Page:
All illustrations by Andrew M. Greenstein, The unofficial NHL Uniform Database
…except the Winter Classic one. That one is an image from the Canadiens’ website.
Having watched the Canadiens play the Bruins outdoors on New Year’s Day, and seeing as how I did the Boston Bruins last week, I thought it only fitting to write up Montréal’s team kit to complete the Winter Classic experience.
The basic Home and Away kits for the Canadiens (see below – and above, for that matter) are, quite simply, as good as they get in the National Hockey League. For years, I struggled to pick between the Canadiens and the Chicago Blackhawks for the superior team uniform. However, this past summer, the Canadiens’ decision to replace the standard, V-Neck jersey collar with one of the lace-up variety – not to mention their gallicisation of the NHL shield – pushed it firmly into the top spot, for my money. Lace-up collars, especially for teams with as storied a past as the Canadiens, just make everything better. Take note, Chi-Town.
Yes, the colours and their combination are simple and not uncommon. And yes, the general design has been consistent for so long that it was pretty much predestined to become a classic anyway. However, two elements that really boost this uniform to legendary status are its logo and its striping. The logo is the famous elongated “C”, which is braced from within by an “H”, signifying Le Club de Hockey Canadien. And it looks brilliant. The striping is very unusual for a hockey sweater: on the Home jersey, a chunky thin-thick-thin combination wraps around the chest – unique among the current crop of NHL sweaters – with corresponding sleeve and sock accompaniments. A nice two-colour trim piece on the tail rounds out one of the most familiar jerseys in sports. And it looks brilliant. For the Road jersey, the two-colour tail striping carries over from the Home, with socks to match. Red cuffs and shoulder yokes fill in the perimeter of the Away jersey, rounding out another simple, recognisable creation. And it looks brilliant. My only real quibbles are with the separation between the numbers and their outlines on the Road jerseys, the lack of outlining on the player names, and the miniscule lettering for the captains. However, these are but petty trivialities.
With the exception of a couple of tweaks to the logo, font and positioning of various elements, the Canadiens’ uniforms have remained largely the same since their first season in the National Hockey League, 1917-18. However, between 1909 and 1917, the Canadiens went through several uniform iterations. In 2008-09 (see left, below) and 2009-10 (see right, below), Montréal paid homage to some of these designs for the celebrations of their centennial year, along with, at the top left, the short-lived, yet sharp-looking, mid-1940s redesign of their white jerseys.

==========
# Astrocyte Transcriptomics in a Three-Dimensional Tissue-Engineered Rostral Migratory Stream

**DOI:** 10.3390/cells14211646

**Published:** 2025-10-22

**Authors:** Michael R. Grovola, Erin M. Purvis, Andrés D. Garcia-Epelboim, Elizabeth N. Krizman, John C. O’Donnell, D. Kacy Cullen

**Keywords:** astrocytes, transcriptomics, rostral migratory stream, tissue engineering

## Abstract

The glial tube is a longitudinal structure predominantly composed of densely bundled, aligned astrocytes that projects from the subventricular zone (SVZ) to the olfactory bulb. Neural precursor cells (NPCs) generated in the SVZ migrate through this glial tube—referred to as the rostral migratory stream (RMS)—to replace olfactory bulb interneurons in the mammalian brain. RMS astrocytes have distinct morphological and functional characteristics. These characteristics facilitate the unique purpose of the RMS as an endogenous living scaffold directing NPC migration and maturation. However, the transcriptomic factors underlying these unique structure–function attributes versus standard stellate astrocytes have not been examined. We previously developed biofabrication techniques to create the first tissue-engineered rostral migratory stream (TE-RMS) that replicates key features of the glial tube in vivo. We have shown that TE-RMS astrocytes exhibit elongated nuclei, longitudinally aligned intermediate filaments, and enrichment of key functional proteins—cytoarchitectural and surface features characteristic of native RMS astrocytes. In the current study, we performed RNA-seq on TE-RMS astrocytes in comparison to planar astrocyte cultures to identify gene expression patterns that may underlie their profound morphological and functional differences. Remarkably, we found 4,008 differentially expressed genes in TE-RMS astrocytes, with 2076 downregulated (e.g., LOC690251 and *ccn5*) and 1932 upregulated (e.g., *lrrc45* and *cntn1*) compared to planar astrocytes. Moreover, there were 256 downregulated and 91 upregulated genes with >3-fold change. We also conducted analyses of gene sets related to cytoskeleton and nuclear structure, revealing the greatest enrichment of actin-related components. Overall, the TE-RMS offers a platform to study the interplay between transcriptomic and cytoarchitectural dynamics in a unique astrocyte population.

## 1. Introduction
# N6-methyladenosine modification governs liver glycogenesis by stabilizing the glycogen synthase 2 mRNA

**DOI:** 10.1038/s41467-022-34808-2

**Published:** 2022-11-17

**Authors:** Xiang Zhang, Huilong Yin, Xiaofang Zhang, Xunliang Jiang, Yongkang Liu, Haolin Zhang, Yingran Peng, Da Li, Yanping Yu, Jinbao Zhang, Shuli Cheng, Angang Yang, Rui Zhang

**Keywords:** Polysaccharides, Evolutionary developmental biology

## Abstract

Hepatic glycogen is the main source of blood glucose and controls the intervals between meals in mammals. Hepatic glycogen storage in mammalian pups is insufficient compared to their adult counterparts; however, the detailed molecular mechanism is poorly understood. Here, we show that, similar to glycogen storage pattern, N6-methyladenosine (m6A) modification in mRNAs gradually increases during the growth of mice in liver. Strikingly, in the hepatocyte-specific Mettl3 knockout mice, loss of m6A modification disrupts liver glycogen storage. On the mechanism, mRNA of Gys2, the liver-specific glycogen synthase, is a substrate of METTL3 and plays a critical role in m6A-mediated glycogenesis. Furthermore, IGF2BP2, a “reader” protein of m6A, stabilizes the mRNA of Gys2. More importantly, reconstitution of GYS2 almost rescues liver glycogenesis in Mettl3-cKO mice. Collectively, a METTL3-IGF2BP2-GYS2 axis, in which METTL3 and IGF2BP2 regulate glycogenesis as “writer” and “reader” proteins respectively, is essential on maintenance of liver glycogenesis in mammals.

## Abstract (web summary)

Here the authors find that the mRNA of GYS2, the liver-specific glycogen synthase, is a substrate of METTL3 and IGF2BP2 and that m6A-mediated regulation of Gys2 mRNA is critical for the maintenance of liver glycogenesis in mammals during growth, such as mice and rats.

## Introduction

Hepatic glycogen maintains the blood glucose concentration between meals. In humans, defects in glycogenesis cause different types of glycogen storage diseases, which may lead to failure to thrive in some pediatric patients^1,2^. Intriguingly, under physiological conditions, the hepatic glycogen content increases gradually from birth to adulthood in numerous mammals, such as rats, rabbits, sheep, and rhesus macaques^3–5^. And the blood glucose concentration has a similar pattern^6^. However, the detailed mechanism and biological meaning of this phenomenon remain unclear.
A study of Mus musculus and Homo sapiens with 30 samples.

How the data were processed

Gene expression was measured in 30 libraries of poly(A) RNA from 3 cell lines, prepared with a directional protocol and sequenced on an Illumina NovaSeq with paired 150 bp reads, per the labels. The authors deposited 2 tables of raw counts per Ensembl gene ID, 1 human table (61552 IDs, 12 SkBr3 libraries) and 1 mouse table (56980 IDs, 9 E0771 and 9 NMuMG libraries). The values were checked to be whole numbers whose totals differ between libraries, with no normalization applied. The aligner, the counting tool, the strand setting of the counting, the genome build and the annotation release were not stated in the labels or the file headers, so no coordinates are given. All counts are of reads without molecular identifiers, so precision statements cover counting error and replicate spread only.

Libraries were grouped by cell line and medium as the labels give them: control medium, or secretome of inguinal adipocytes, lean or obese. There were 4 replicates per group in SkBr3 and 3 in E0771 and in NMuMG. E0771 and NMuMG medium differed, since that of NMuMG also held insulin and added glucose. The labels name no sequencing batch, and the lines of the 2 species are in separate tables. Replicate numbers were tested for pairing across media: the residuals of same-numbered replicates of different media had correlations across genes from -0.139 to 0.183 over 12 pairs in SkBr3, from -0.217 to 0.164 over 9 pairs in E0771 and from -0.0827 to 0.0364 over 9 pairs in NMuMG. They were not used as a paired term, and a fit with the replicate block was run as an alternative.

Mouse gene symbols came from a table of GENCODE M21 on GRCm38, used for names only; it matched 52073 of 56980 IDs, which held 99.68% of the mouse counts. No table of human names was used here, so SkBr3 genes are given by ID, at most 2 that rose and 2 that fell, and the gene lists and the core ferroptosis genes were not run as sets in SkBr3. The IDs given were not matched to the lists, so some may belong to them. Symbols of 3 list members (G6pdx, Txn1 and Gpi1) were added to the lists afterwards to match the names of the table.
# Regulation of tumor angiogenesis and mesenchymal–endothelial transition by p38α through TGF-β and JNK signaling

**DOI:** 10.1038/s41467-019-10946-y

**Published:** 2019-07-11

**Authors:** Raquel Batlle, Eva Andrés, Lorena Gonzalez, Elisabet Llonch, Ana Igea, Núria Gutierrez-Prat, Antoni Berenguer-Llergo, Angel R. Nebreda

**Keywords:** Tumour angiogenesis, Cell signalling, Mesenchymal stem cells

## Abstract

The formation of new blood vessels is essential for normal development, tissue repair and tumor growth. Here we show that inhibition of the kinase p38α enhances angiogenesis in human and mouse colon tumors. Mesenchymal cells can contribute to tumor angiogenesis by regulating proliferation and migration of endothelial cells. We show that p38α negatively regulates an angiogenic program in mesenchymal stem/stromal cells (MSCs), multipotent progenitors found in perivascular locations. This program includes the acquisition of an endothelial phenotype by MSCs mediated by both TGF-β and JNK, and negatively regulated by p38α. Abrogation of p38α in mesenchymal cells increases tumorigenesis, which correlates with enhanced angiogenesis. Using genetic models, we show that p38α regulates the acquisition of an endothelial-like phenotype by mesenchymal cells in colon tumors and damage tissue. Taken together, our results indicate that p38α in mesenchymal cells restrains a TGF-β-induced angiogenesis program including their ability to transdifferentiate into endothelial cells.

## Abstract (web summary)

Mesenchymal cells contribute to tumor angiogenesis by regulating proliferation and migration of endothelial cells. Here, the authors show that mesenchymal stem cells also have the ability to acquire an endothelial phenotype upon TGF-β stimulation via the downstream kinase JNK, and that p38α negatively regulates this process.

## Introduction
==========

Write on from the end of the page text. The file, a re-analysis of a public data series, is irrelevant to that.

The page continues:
For a team that spent the first years of its existence searching for an identity – at least visually, it is admirable that the Canadiens have managed to stay consistent – and consistently brilliant – with their uniforms. Thus, the final, and perhaps most significant, element of their phenomenal kit is its longevity. The Canadiens’ uniforms have been as consistent and comforting as Tomas Plekanec’s turtleneck.
The 2016 Winter Classic edition (see below) does not stray too far from the script. I love the vintage collar, bringing things back to the days when hockey sweaters were just that, woolen sweaters. The font is a little goofy and the sleeve numbers were clearly positioned by someone in need of an optometrist, but neither of these things prove disastrous to the product as a whole.
The base harkens back to the aforementioned mid-1940s redesign of the white jerseys – which were really just the reverse of the reds from the time period (both are shown below), with slightly paler blue and red colouring.
The central, white logo is straight off of the jerseys from the next image, which were worn from 1922 until 1924 – the first year the Canadiens won the Stanley Cup.
The sleeve striping of the Winter Classic jersey frames the Canadiens’ 1924-25 logo – sans the “Champions” label, which was designed to reflect their Stanley Cup Championship the season previous.
Unfortunately – or fortunately, depending on your perspective, the Habs elected not to bring back their brown pants for the occasion.
The Montréal Canadiens have the best goaltender in the world, in Carey Price. P.K. Subban is one of the best defencemen in the world. The Bell Centre is the largest hockey arena, by capacity, in the world. The Canadiens have the most Stanley Cup Championships of any team in the world. You can now slot them in as having the best jerseys, too. If there was a high school for sports franchises, the Habs would be the one who is super-smart AND super-attractive AND plays on all of the sports teams AND speaks 6 languages AND is Class President and Valedictorian, all while playing the guitar.
And they wonder why everybody hates them.